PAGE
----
15 September 2021Jonah 2:1-10
Then Jonah prayed to the Lord his God from the belly of the fish, saying, 'I called to the Lord out of my distress, and he answered me.' (vs 1-2)
In hymn 461 of Singing the Faith 'Come, O thou Traveller unknown' which is set to a tune called 'Wrestling Jacob', Charles Wesley sets out in verse form the way Jacob, another Old Testament character, struggles to do the work God intends for him. It has 12 verses and I have never been in a service where we have been called upon to sing it all, but it came to mind as I was reflecting on this second chapter of Jonah. In Genesis chapter 32 we can read the story and how Jacob having gone through the struggles is left lame but aware of God’s presence. In the hymn, Wesley writes in verse form of the struggles that Jacob – and I suspect he himself is having – with what God is calling him to do. It is in this second chapter of Jonah which is the focus for our worship this Sunday.
Here in this second chapter we can hear Jonah reflecting on what has happened to him and the way in which God has rescued him from the depths. Using words from many of the psalmists, he calls to God in a spirit of confession, acknowledging his faults and that he has tried to escape from God's calling. He realises just as the psalmist in Psalm 139 writes “Where can I flee from your presence? If I ascend to heavens you are there; if I make my bed in Sheol you are there. If I take the wings of the morning and settle at the farthest limits of the sea, even there your hand shall lead me.”(vs 7-10) In Hebrew thinking Sheol is like a cosmic black hole that swallows everything, and here we hear how God can even enter this underworld not to punish but to extract and save those who have been lost within the situation.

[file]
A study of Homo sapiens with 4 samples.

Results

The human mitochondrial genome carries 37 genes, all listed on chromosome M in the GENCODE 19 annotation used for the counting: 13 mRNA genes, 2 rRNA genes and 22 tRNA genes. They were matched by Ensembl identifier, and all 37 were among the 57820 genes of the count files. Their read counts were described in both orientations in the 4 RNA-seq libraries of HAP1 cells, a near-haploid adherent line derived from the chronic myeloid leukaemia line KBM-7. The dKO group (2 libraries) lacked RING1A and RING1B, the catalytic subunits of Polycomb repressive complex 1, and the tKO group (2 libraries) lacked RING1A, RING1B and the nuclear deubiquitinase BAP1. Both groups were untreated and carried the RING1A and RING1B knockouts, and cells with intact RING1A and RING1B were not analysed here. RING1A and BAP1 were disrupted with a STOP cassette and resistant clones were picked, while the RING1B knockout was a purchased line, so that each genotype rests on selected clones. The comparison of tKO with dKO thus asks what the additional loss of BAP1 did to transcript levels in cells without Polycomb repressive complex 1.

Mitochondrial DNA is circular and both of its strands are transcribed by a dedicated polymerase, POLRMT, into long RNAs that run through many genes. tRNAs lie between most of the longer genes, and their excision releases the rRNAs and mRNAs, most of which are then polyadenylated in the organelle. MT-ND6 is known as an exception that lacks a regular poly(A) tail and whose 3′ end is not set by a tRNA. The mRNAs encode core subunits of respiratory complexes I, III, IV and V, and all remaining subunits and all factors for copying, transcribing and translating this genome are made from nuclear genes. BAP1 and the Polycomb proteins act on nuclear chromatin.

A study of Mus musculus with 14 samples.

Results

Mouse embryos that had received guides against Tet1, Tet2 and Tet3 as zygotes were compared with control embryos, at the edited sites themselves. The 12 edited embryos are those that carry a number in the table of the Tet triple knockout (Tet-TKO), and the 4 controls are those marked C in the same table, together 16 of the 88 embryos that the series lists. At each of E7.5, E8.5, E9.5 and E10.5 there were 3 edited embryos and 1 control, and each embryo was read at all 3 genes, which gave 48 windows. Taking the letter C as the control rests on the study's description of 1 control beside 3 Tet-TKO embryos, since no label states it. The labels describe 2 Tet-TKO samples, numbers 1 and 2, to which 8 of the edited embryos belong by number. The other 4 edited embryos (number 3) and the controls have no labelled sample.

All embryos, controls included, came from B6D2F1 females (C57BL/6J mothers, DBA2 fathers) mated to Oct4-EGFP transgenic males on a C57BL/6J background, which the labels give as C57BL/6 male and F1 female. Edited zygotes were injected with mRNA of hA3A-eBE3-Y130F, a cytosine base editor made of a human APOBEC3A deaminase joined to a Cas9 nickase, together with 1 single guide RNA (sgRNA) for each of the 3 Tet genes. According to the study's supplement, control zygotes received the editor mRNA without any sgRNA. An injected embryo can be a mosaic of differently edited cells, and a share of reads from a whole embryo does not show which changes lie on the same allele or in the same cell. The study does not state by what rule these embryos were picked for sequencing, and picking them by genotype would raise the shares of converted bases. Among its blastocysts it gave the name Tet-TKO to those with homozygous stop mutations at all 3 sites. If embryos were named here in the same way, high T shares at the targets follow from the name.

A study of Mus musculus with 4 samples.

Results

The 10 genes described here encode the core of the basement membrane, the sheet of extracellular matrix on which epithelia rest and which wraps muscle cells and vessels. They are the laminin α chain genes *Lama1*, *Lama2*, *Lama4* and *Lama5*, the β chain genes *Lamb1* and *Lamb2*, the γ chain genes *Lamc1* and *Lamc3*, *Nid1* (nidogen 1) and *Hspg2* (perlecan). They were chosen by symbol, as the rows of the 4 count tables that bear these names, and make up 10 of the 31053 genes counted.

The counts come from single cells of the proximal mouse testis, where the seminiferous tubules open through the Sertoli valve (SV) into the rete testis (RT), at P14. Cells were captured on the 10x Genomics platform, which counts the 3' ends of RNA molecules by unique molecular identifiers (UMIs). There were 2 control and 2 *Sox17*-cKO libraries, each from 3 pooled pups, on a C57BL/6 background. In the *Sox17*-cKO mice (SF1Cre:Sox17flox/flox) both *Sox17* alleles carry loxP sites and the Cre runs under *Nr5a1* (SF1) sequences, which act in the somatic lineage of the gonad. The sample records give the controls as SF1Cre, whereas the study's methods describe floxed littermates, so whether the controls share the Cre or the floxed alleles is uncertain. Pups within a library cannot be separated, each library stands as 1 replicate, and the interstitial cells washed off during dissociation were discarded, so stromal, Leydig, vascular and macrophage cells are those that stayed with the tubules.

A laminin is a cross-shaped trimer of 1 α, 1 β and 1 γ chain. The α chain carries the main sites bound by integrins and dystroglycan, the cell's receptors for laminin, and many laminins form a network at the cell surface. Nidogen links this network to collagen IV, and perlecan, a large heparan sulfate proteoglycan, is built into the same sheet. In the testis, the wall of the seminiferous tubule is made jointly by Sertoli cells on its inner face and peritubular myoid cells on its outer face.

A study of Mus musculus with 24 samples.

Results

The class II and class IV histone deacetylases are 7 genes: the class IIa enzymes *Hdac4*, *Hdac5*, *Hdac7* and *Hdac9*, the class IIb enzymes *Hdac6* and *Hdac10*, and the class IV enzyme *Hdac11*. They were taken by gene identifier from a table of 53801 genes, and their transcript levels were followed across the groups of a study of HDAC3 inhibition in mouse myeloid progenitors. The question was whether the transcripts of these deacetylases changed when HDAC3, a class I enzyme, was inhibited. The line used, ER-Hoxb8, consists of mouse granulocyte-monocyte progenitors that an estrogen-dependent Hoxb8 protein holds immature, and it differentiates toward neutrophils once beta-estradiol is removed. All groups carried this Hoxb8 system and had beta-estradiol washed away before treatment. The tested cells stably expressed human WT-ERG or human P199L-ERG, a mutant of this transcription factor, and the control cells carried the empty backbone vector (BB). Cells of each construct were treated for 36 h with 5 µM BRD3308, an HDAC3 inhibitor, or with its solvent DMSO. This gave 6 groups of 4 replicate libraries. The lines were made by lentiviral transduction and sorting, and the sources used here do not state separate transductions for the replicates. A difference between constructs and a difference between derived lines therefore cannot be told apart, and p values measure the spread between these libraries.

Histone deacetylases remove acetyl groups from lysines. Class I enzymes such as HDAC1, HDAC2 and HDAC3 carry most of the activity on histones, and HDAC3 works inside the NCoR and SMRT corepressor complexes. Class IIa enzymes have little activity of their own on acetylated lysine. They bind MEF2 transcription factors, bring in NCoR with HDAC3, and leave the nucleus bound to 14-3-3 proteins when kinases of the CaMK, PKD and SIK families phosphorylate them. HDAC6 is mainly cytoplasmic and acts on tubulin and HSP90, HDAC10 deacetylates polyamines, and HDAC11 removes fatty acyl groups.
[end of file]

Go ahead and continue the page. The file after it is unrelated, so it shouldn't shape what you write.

Here Jonah is praying, having been saved it would seem from drowning in the depths of the sea or, if you see the story of the big fish as a fact rather than a myth, from dying as part of its dinner. He is thanking God that despite his disobedience and turning his back on God, God has been merciful and has rescued him from the depths – from the depths of despair and from the depths of the sea. The prayer, like Wesley’s hymn, is in verse form. It reflects the work of the psalmists Jonah would have known from childhood, but it is not just a calling out to God using the Scripture he knows. He also adds something of his own pain as he describes the predicament he finds himself in with seaweed wrapped about his head, entangled and enmeshed as he sinks down into the water to what he imagines will be his grave. But then in verse 10 resurrection comes: “Then the Lord spoke to the fish, and it spewed Jonah out upon the dry land.”
- When we are going through difficult times, do we sometimes feel that we have been sent into isolation from the pain and call out to God to be given a reprieve like that of Jonah?
- Thinking of Jonah being thrown into the sea, can you imagine what it must have felt when he hit the water? Would the fish feel like salvation?
- Does the story have anything to say to us in the dark times we have been living through?
Lord, when we feel that we are drowning in the pain of the moment, send your spirit to give us the space we need to see the light beyond the darkness and then give us the strength to continue your work. Amen.